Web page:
The “Idaho stop” or rolling stop law for cyclists has been pervasively spreading across the United States over the past year. However, while this is great news for cyclists, it doesn’t leave a lot of room for local governments with perhaps different cycling laws to have a voice. This is just what Colorado was concerned with when the rolling stop rolled on up to the doors of state government.
However, unlike other states that have allowed it, Colorado took a more cautious route. They approved the rolling stop for cyclists but ultimately left setting restrictions on speed and implementation up to the local communities in the state.
Colorado is already quite friendly to cyclists, and in that regard, a number of cities already have their own cycling laws on the rolling stop. Furthermore, the state government recognizes that not every intersection is right for it.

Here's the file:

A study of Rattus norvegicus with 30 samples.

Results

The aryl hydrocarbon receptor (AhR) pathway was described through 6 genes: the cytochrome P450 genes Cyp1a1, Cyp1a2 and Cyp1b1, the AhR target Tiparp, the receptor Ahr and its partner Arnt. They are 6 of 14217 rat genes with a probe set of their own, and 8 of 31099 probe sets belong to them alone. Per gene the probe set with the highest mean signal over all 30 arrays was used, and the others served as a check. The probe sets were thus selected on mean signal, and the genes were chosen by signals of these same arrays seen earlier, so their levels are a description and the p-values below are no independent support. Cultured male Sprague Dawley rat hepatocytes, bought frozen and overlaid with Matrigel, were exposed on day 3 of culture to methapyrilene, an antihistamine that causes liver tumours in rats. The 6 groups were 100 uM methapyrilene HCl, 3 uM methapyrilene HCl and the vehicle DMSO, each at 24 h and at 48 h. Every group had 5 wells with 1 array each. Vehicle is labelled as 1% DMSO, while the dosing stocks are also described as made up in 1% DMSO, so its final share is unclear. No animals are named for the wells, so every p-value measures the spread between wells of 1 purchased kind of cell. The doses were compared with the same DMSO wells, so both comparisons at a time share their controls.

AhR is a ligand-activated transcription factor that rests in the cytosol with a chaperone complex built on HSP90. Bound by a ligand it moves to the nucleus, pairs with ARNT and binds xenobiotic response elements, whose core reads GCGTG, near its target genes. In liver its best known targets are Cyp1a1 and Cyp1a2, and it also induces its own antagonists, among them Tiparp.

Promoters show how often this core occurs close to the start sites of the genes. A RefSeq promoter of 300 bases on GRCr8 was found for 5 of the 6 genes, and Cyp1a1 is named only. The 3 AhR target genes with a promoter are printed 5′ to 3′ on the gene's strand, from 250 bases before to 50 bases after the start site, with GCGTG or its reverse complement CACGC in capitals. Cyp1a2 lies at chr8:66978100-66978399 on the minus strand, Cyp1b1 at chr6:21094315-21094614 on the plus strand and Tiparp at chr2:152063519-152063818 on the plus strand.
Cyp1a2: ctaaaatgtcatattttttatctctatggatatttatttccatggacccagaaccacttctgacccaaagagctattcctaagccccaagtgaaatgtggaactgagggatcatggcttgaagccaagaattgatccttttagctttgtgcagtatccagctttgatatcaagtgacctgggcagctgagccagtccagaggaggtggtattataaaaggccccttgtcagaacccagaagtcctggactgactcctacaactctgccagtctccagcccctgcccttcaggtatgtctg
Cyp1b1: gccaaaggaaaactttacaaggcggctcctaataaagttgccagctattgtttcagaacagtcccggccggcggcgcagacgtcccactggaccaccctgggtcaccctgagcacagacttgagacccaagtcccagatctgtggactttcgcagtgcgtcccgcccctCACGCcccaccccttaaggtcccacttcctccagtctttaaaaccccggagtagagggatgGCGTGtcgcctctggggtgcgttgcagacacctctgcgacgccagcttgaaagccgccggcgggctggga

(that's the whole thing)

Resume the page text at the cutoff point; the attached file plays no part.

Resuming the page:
This new law allows for communities to opt-in to adopt the Idaho stop for their community as well as regulate what is considered a “reasonable speed” to roll on through. This comes after a failed bill from 2017 that had addressed the same issue but ultimately failed due to conflicts with cyclist laws that had already been put into place in popular Colorado cycling cities.
This sets a great precedent for other states considering the issue of rolling stops for cyclists. It shows that this issue can be shot down if it conflicts with other community laws, but by offering it as a more opt-in affair, it can be adapted for the whole state.
Unfortunately, while this makes it safer for many cyclists, accidents will still happen. If you have been in a cycling accident and need a lawyer to represent you who understand your pain, contact us today. Let Gary Brustin, a fellow cyclist, and his law office come to your aid.